Common racing fears and how to overcome them

Dom Cadden

Whether you run, cycle, swim or you want to compete in any other type of race, there are common fears that can creep into your head. Let’s stare them down and move straight past them.

I haven’t done enough

Often elite athletes will feel that they haven’t done all they wanted to before a race – it’s not just you. However, races don’t work like English exams – there’s no use trying to cram right up until the last minute. There’s a point at which you need to say that you’ve done all you can do, then back off for your taper. A taper means reducing the intensity and the duration of your training (usually over the last two weeks (depending on the length of your race), finishing with very light sessions, so that you are well rested for your race. You’re probably never fully recovered and resting during training, so if you taper properly, you might surprise yourself! Here’s another trick elite athletes use: they mark the date of their race, then work backwards (i.e. starting with time allowed for the taper) to work out exactly what training they can fit in. Then – and this is the important part – they trust their training. If you did all the scheduled training, then you can have faith in your body to pull through on the day.

I’m too slow at the start

It’s very common for people to fear being left behind early in the race, so they sprint off at a pace that’s unsuitable and they “blow up”. I know I learnt very early that I am best when I start at my own, slower pace, then build up my speed when I hit my rhythm. Others work best the other way around. The important thing is to ignore other competitors and stick to the pace off the line that will work best for your body over the course of the race. Take note of your split times in training so that you know what pace is good for you in the early stages, and identify where in your race you expect to pick up the pace.

I’m too nervous to eat/drink before the race

If you start being nervous about being nervous, then guess what – you’ll probably be nervous. The good thing is, you’re not alone. Sports dietitians often identify ‘nervous tummies’ and have special pre-race foods for their athletes. Eat your biggest meal 24 hours before your race, well ahead of the worst of the nerves kicking in, then have simple, easy-to-digest foods in small, regular snacks before the race, stopping two hours before the start.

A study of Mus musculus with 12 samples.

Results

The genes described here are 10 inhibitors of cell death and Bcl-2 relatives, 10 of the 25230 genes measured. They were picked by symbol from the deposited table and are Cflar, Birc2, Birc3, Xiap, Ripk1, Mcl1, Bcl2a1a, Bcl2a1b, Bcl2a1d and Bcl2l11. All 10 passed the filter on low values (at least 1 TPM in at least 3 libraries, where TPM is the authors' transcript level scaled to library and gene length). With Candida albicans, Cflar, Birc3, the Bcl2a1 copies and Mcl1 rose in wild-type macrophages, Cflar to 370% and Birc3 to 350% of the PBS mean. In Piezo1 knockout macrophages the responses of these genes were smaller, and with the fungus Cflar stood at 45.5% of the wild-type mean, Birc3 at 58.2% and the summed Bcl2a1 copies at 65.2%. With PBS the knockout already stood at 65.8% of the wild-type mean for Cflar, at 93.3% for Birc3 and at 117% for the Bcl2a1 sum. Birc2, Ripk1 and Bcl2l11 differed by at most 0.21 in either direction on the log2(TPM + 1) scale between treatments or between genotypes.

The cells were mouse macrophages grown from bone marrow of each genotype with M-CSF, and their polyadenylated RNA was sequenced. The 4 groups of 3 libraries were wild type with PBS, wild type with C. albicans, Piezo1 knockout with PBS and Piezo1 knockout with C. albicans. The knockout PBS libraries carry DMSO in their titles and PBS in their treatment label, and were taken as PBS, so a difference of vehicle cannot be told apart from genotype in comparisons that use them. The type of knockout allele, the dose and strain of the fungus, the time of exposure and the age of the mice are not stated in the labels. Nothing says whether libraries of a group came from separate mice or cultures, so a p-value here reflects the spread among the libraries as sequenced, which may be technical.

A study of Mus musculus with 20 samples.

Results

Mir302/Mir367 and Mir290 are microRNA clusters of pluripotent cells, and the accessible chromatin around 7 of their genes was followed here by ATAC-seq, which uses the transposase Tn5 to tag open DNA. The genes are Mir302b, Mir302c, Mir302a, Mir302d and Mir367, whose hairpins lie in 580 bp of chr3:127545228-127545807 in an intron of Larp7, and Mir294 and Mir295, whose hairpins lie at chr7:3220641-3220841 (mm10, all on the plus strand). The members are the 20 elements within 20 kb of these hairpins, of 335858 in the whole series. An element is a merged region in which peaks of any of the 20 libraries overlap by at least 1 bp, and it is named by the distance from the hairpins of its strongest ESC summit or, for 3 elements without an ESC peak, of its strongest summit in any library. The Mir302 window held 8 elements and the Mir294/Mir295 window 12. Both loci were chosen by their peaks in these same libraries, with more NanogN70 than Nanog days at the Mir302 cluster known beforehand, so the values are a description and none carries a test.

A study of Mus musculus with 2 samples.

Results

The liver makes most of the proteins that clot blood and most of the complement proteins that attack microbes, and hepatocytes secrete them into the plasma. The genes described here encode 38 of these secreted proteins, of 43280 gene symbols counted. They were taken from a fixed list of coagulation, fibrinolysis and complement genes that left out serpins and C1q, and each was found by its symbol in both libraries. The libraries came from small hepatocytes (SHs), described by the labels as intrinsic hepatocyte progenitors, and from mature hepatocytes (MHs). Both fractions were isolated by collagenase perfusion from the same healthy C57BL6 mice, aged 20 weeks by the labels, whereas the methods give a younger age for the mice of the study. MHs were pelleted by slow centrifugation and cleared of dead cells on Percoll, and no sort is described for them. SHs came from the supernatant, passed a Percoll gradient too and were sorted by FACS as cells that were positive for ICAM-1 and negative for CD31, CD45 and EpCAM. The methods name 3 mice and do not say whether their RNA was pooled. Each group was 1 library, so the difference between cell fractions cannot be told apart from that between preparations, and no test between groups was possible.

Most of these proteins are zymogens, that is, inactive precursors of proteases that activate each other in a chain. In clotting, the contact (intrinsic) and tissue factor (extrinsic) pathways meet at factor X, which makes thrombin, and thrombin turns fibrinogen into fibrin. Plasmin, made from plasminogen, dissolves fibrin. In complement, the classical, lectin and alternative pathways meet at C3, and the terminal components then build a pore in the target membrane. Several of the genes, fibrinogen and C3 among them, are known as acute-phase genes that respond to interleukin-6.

I don’t know what to expect

Sometimes you can only ever really know what to expect until you experience it. You can also reduce this anxiety by taking full advantage of the inter-webs and Facebook world. Read comments, description and race reports to learn about what you will experience, look up recorded times for races, watch videos of the race, do flyovers with Google Earth (unless the race is indoors or in wilderness!), and best of all, go see races live (or volunteer to help out) and interact with others who have done your target race. And so what if you don’t know everything to expect? Instead of seeing this as a negative, look forward to experiencing something new and being stimulated by the mystery!

I’m afraid of failure / walking / coming last

First up, for the aspiring runners and triathletes, I’ve never heard of a race where you get disqualified for walking. As a trail runner, walking is just something we all do, it’s just that some people do it less than others – depending on the terrain and slope, the energy saved by walking compared to the speed gained by running can mean that walking is the more efficient option.

Are you afraid of failure in general? You have to realise that you can’t PB at every race and that you will have positives to take out of every race and you need to appreciate all your accomplishments in the given circumstances. If you see early on that things aren’t going quite as expected for plan A, it’s important that you have a plan B and C. Transfer your targets, don’t just snap your arrows. And what’s the big deal if you finish last? You can’t control how well the other competitors do, and besides, sometimes the last finisher gets the biggest reception. As the fitspiration says, “Last is just the slowest winner.”